Animals also played an important role in Egyptian iconography. Gods were frequently portrayed as animal-human hybrids. For instance, the god of writing, Thoth, was sometimes shown with the body of a man and head of an ibis. The origin of this practice remains as elusive as the rise of those animal cults. But Barbash suspects it may relate to the relative ease of life in the lush Nile Valley, where people had the time to observe animal behavior and associate divine attributes with the traits of bulls and ibises.
Yet all these activities seem humdrum compared with what happened during the Third Intermediate Period, from approximately 1075 to 656 B.C. With startling suddenness, mummification went mainstream. Tens of millions of embalmed animals were deposited in at least 31 cemeteries throughout Egypt. One cat repository, found by farmers in 1888, was reported to have “a stratum thicker than most coal seams, 10 to 20 cats deep.”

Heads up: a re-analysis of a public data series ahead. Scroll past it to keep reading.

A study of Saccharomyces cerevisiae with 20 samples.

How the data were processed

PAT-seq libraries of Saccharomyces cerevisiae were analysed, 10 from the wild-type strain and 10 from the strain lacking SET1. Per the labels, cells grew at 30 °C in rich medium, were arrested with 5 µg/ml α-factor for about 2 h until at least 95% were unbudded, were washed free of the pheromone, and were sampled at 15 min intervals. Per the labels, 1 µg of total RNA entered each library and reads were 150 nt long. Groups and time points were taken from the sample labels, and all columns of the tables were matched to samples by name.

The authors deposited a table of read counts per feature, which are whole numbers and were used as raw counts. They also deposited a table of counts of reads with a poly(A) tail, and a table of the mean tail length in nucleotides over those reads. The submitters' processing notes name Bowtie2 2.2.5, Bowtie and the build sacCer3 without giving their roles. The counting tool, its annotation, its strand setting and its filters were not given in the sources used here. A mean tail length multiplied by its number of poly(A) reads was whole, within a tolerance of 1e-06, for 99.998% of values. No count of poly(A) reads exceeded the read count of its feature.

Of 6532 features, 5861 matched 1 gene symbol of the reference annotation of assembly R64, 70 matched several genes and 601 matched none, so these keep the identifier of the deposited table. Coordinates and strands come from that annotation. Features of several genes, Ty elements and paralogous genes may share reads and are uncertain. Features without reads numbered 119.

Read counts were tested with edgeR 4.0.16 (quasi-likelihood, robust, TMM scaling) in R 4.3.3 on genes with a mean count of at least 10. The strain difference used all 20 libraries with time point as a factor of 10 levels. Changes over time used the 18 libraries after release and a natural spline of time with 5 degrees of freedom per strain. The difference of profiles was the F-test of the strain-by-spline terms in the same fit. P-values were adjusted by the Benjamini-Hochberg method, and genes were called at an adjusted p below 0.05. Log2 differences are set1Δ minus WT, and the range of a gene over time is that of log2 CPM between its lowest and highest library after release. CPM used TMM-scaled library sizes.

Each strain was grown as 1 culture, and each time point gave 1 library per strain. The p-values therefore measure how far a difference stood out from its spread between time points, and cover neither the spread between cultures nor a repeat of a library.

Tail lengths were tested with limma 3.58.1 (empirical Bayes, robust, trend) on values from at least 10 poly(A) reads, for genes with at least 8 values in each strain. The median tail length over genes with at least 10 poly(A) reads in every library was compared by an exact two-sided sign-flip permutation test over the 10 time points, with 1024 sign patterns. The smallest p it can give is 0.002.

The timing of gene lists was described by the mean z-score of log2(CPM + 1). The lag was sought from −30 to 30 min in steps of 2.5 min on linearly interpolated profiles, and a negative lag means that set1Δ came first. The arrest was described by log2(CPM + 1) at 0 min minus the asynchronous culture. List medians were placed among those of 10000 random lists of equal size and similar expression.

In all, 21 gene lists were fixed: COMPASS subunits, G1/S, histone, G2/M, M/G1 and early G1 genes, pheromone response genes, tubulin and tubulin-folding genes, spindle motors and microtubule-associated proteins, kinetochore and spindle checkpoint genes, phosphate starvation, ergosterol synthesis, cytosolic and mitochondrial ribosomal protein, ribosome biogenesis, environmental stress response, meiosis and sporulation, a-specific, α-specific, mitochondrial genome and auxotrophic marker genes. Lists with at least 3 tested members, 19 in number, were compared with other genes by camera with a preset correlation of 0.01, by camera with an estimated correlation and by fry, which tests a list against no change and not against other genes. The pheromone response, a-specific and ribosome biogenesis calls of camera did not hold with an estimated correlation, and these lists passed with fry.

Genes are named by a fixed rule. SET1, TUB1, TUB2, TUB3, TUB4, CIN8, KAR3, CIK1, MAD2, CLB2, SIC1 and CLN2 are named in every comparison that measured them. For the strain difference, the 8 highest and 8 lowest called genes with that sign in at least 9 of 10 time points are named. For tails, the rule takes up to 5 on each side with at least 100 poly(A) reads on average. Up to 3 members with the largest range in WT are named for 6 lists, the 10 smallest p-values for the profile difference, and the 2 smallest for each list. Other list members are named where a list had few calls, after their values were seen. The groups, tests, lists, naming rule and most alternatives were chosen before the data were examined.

Struggling to explain the phenomenon, some scholars have described the mummies as votive offerings, akin to candles in Catholic churches. At the Brooklyn Museum, a more beguiling explanation is emerging.
“The Egyptians believed that animals had souls,” asserts Edward Bleiberg, the museum’s head curator of Egyptology. Like the soul of a human, the animal’s soul (or ba) was capable of posthumous travel and communication. And the relationship of the animal to a particular deity allowed its soul to address the god directly — as long as its body was properly mummified. Bleiberg gleaned this information from ancient texts.